This is the second of Dr. Pier Paolo Battistelli's volumes about German Panzer Divisions in Osprey's Battle Order series. In this one, the author focuses on the panzer divisions from Operation Barbarossa in June 1941 through the battles around the Dnepr River and Kiev in late 1943. Overall, this volume has a very high graphic quality with excellent maps and charts, but it is written with a level of detail that will please East Front specialists but which likely will be difficult for general readers to absorb. This is very much a nuts and bolts account. Nevertheless, this volume packages a great deal of useful data and the author's insight into the reasons for the decline of Germany's preeminent combat formations in the Second World War is lucid and makes a valuable contribution to the study of this subject.
Panzer Divisions: The Eastern Front 1941-43 begins with some brief sections on the combat mission of these units and their doctrine and training. Continuing for his earlier volume, Dr. Battistelli explains how the panzer divisions were designed to conduct fast-moving operations that penetrated enemy and then enveloped enemy defenses, leading to operational-level victories. Doctrinally, the Germans learned some lessons from the 1940 French campaign and began to use more mixed kampfgruppen (battlegroups), rather than the previous preference for armor-heavy spearheads. However, the author notes that German panzer doctrine was geared toward Western European terrain/weather conditions and proved unrealistic on the Eastern Front. One of the first victims was the kradschutzen (motorcycle) battalions, which could not function well on the muddy roads of Russia. The 31-page section on unit organization covers the reorganization of panzer divisions in 1942-43, as well as detailing each of the division's main components (armor, infantry, artillery, engineers, reconnaissance, anti-tank, support services). This section may seem very dense and technical for some readers, but it has some invaluable charts, such as those listing the sub-units of each panzer division. Perhaps the best chart is one on page 26, that lists that part of the infantry in each division that was mounted on SPW halftracks in 1941, 1942 and 1943.
The next main section of the volume is a 21-page discussion of division tactics. Dr. Battistelli observes that the terrain and weather conditions in Russia, combined with the losses from the 1941 campaign, forced the panzer divisions to change their style in 1942-43. Unlike the heady days of Blitzkrieg in 1940-41, the panzer divisions of 1942-43 were forced to fight more on the defensive and even when they did attack, they were no longer able to make the kind of spectacular advances that they once made. The author then provides a series of tactical vignettes, each with its own map, that outline the changing tactical methods used in this period. These ten vignettes are: 11th Panzer Division drive to Dubno, June 1941; 20th Panzer Division's Dvina River crossing, July 1941; 3rd Panzer Division's raid across the Susha River, October 1941; the counterattack at Klin, December 1941; the Battle for Kharkov, May 1942; 1st Panzer Division's defense of Belyj, November 1942; the LVII Panzer Korps drive on Stalingrad, December 1942; the last Battle of Rostov, February 1943; the III Panzer Korps attack at Kursk, July 1943 and the 2nd Panzer Army defense at Orel, July 1943. The maps for these vignettes are very nice but unfortunately, do not have the kind of captions used in the campaign series (this has been a recurring defect in the BO series).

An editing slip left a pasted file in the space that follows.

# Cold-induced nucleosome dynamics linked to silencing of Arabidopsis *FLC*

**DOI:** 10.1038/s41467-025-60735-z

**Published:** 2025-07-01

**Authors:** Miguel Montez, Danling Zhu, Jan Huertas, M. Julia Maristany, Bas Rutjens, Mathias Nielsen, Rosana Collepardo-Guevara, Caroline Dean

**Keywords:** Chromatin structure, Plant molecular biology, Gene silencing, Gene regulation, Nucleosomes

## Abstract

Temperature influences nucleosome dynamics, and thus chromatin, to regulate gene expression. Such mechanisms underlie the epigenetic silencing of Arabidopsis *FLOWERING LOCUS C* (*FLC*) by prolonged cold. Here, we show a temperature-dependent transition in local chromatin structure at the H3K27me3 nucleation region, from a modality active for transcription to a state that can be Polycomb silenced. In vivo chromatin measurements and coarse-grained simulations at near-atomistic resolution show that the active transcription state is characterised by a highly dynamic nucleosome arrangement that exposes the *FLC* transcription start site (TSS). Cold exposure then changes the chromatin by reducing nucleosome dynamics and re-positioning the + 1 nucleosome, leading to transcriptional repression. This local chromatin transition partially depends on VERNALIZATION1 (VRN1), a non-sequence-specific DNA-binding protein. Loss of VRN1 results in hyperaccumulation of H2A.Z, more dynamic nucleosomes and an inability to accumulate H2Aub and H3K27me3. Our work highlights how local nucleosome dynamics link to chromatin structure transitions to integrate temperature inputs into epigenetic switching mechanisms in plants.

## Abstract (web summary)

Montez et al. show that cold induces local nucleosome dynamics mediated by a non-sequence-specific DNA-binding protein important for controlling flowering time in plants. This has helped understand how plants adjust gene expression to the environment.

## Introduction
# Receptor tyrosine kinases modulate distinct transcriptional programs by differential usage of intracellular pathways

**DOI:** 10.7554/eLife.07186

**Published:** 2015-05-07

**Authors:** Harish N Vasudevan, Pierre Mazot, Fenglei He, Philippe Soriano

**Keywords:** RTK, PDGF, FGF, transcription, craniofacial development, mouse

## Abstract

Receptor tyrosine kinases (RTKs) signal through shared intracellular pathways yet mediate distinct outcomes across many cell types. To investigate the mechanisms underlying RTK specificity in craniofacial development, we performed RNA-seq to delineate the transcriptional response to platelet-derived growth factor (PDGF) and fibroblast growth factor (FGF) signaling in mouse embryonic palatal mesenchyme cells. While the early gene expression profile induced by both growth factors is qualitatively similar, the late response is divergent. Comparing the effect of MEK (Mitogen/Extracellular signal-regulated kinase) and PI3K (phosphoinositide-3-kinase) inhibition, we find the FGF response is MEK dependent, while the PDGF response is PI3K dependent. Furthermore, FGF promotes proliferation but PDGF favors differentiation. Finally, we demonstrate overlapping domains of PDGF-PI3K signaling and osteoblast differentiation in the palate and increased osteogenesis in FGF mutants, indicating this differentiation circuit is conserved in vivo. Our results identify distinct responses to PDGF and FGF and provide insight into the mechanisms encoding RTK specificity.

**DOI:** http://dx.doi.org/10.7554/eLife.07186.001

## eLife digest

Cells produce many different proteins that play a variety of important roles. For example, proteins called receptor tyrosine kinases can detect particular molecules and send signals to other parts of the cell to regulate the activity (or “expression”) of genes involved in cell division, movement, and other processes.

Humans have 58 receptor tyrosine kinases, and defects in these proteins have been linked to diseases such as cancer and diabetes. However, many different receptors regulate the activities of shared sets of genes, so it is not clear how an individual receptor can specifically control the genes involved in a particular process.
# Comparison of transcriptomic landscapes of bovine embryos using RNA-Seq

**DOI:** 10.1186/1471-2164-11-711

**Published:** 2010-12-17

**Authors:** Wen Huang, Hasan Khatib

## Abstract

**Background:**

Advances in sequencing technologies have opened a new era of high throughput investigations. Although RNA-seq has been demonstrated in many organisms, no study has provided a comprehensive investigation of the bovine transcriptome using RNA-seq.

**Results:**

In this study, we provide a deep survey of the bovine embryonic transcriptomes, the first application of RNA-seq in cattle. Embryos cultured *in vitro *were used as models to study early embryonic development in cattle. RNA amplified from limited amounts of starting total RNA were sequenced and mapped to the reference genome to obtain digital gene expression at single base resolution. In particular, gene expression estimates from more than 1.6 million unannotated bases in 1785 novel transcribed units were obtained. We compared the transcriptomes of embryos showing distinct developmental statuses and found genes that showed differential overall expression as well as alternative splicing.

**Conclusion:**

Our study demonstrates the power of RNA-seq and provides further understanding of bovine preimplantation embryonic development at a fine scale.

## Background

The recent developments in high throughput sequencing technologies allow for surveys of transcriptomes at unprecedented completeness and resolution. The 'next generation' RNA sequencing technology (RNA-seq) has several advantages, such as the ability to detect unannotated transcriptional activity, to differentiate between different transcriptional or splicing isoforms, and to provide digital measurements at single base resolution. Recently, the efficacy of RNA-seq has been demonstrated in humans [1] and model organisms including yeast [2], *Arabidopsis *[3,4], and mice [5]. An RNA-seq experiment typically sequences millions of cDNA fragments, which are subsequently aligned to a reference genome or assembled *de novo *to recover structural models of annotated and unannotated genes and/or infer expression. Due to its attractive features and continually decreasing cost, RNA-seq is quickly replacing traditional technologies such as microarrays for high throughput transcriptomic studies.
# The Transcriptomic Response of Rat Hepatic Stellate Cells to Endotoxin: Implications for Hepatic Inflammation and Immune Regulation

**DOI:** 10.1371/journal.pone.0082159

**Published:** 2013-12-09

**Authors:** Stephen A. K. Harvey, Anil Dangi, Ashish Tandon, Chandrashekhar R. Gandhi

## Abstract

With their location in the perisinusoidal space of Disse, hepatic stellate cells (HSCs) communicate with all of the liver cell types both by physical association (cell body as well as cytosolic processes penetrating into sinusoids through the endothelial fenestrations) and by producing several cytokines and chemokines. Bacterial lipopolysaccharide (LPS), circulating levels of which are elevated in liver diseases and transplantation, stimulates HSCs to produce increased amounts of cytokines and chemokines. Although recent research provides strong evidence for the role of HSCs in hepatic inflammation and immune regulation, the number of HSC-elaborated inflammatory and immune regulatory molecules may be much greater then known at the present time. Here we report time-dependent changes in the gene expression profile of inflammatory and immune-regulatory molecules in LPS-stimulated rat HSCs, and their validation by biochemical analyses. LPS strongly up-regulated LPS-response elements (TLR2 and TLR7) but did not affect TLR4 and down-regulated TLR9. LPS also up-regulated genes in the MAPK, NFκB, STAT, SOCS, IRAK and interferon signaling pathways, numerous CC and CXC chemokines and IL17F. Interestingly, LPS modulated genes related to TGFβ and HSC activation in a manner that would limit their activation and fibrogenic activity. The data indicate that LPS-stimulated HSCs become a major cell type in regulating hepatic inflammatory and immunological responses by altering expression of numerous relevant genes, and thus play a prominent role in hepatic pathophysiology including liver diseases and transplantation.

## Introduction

The author then provides a 12-page section on weapons and equipment, which provides breakdowns on the types of tanks in each of the panzer divisions during this period. It also describes the production of major weapons, ranging from tanks to infantry weapons and describes Germany's inability to equip the panzer divisions with either the quantity or quality of weaponry needed to restore their waning offensive capabilities. This section also describes how German armored capabilities were beginning to spread out, with independent Tiger tank and assault gun battalions, meaning that panzer divisions were no longer the `mailed fist' that they had been in 1940-41. For those readers who just focus on tanks, the author's discussion of the shortage of halftracks, armored cars and trucks will reveal just how weak the panzer divisions had become by mid-war.
The last sections cover C3I (auftragstaktik and `leap forward' concepts) and unit status. Flexibility, mobility and mission-orders were at the root of panzer successes in 1940-41, but the losses suffered during the first year in Russia began to sharply chip away at these advantages. When confronted by the superior Soviet T-34 and KV-1 tanks, the Germans opted to shift from a maneuver-based doctrine to a firepower-based doctrine which ultimately undermined their own offensive capabilities. Instead of using armored mobility to strike an enemy where he was weakest (e.g. through the Ardennes), the Germans began to use their armor as a battering ram (e.g. in the streets of Stalingrad and at Kursk), attacking the enemy where he was strongest. Despite the tactical advantages that the panzer divisions enjoyed over their opponents until late in the war, they were not configured to win a war of attrition and the changes in how these units were used ultimately led to German defeat.